Public debate about the constitutional referendum is unlikely; reformists’ influence on the state economic policy has subsided
The authorities are not planning to hold a public debate about a possible constitutional referendum, however, this does not rule out constitutional amendments through the parliament or a referendum. Reformists in the government and in the administration are attempting to raise the profile of economic reforms, the president, however, appears to be reluctant to consider reforms amidst economic recovery. Security forces are retaining their positions in the power system and the control over economic activity; they broadly apply administrative pressure and use anti-corruption prosecution to boost performance in the public sector.
During his annual address to the nation and the parliament last week, the president ruled out the probability of holding a national referendum in the near future. Recent statements by top officials probably meant to test public opinion about a constitutional referendum and issues it should focus on. Presumably, the Belarusian authorities have not been satisfied with the public response to a constitutional referendum. In addition, the resignation of Armenian Prime Minister Sargsyan further to public protests has strengthened President Lukashenka’s reluctance to make changes in the institutional design amid having fairly effective mechanisms enabling him to retain power.
The Belarusian leadership has long been holding back the ambitions of the Belarusian establishment to reform the electoral legislation and introduce a mixed proportional-majoritarian system, with stronger parliament and loyal political parties, including the transformation of Belaya Rus quango into a “power party”.
Simultaneously, a constitutional referendum cannot be ruled out. Firstly, the president, when speaking about the lack of intention to hold a referendum, said that it would not be held "for one person” (implying himself), and would not repeat the Armenian experience. Secondly, back in 2004, Lukashenka also denied plans for a referendum until it was announced when the parliamentary campaign started. Finally, CEC head Yermoshyna said that a referendum could be announced 40 days before the voting day and that a lengthy public debate (more than two months) could “politicise the situation” and threaten the stability, hence, would be impractical.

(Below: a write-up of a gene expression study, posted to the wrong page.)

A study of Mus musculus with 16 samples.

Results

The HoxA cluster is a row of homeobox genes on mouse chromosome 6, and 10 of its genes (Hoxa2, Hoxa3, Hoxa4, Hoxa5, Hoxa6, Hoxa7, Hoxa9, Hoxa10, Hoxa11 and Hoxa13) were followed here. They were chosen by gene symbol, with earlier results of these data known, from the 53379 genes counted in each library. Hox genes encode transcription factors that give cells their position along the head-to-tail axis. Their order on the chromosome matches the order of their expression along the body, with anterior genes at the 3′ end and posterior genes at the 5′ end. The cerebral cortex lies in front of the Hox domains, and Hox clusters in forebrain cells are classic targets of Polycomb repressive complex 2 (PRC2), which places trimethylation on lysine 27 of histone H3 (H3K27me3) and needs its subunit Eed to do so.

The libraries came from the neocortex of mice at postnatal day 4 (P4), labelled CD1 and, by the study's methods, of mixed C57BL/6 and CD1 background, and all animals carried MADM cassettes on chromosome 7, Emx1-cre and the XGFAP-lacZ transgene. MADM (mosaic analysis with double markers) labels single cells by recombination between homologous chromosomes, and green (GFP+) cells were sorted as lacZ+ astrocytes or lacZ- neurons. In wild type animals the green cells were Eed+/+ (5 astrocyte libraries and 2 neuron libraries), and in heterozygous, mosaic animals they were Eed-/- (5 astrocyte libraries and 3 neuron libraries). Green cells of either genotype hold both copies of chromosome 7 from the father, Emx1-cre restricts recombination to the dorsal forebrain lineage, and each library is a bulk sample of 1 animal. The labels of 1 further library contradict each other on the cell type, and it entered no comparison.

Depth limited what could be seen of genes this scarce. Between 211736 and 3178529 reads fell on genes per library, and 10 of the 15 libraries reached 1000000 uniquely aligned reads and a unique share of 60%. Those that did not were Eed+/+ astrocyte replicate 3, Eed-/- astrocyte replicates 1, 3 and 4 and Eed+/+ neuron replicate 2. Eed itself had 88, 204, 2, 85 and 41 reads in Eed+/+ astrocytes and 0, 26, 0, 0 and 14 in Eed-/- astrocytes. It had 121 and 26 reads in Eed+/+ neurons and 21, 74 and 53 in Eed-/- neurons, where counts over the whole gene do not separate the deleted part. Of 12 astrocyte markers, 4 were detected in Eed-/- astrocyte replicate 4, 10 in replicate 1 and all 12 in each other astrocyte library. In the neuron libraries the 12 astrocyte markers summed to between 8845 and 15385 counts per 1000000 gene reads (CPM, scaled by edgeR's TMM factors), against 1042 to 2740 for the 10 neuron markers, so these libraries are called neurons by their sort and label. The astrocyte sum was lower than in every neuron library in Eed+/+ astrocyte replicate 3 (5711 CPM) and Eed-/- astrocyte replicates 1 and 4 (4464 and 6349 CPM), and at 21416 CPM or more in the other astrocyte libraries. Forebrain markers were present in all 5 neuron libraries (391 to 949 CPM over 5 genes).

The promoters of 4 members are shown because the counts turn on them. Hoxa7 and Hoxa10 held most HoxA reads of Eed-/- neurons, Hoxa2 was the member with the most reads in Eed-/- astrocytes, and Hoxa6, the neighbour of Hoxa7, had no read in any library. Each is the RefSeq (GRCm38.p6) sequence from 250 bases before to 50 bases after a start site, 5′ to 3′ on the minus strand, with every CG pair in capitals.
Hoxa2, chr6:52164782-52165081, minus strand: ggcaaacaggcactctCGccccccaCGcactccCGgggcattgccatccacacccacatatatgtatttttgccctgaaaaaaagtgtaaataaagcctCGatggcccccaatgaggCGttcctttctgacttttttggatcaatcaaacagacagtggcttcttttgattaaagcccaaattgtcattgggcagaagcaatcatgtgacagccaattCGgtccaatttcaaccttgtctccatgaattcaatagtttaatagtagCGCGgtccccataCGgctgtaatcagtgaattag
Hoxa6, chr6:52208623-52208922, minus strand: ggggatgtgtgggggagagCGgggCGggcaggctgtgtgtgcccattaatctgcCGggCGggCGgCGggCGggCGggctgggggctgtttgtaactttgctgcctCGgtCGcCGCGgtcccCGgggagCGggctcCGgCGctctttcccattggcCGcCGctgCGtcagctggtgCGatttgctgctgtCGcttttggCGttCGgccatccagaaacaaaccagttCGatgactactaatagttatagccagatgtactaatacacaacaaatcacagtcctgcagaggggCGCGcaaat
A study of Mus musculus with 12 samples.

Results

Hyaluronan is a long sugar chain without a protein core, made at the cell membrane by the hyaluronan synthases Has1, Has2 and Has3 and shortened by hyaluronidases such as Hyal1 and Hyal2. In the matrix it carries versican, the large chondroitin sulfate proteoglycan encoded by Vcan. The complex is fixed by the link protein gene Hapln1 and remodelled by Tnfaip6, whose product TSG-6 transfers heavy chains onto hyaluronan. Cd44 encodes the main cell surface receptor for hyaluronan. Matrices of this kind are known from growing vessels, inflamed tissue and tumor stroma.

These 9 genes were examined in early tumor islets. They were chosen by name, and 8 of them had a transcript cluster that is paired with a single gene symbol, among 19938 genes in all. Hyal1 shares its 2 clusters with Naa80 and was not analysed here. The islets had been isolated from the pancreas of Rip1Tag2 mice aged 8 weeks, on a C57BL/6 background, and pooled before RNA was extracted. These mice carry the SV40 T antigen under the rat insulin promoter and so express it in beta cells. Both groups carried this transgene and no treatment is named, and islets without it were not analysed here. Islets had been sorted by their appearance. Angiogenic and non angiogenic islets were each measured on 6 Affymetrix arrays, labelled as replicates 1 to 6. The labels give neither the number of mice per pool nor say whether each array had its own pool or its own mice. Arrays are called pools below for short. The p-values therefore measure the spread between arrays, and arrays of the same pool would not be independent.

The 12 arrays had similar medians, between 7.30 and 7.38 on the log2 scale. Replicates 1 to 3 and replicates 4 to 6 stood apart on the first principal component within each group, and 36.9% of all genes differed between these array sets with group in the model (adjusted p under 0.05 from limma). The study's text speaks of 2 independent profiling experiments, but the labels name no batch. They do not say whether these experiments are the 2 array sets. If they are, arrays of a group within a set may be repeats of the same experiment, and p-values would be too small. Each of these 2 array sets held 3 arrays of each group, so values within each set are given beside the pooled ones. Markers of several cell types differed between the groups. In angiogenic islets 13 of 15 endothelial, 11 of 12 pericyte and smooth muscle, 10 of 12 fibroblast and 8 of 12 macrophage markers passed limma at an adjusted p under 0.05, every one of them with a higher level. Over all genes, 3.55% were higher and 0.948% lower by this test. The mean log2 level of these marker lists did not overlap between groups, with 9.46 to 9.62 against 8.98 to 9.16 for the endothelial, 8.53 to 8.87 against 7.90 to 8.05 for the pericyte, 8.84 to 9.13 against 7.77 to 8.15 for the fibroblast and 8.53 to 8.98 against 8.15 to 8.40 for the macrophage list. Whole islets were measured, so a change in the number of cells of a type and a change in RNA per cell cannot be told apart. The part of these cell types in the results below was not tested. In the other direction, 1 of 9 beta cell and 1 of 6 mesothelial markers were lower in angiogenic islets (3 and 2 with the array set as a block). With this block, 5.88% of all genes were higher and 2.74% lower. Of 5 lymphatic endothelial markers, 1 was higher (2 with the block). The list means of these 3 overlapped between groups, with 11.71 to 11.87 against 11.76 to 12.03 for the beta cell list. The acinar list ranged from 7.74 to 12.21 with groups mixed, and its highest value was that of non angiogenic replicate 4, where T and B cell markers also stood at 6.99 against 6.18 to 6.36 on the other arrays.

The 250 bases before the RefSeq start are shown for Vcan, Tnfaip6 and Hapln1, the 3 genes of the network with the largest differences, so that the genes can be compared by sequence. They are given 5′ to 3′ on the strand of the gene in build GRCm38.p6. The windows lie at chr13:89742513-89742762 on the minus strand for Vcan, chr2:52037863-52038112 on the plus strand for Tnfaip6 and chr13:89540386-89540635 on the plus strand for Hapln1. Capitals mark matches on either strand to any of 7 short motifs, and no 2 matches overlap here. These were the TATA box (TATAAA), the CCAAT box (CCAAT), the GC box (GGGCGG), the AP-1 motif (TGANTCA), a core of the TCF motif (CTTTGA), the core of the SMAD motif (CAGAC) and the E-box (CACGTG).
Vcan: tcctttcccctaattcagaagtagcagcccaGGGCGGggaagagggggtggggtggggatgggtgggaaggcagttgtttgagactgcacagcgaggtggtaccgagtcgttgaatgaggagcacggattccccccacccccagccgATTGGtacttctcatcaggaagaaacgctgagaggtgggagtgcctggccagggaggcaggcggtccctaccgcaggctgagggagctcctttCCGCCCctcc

While addressing the parliament, the president used market rhetoric and raised the issues reformists in the government would, such as the support for business, SMEs, IT, digital economy, and advanced development. However, in practice, the authorities use micro-management in the economy and engage security forces to control struggling economic sectors. For instance, the president ordered to inspect all dairy enterprises in Belarus. The Interior Minister promised a tighter grip on agro-industries, which should prompt them to retain production levels amid reduced state support.
Overall, amidst some economic recovery, the influence of reformers on the economic policy has reduced. Nevertheless, the economic bloc is likely to continue to advocate for gradual reforms in some economic sectors to improve the business environment in Belarus.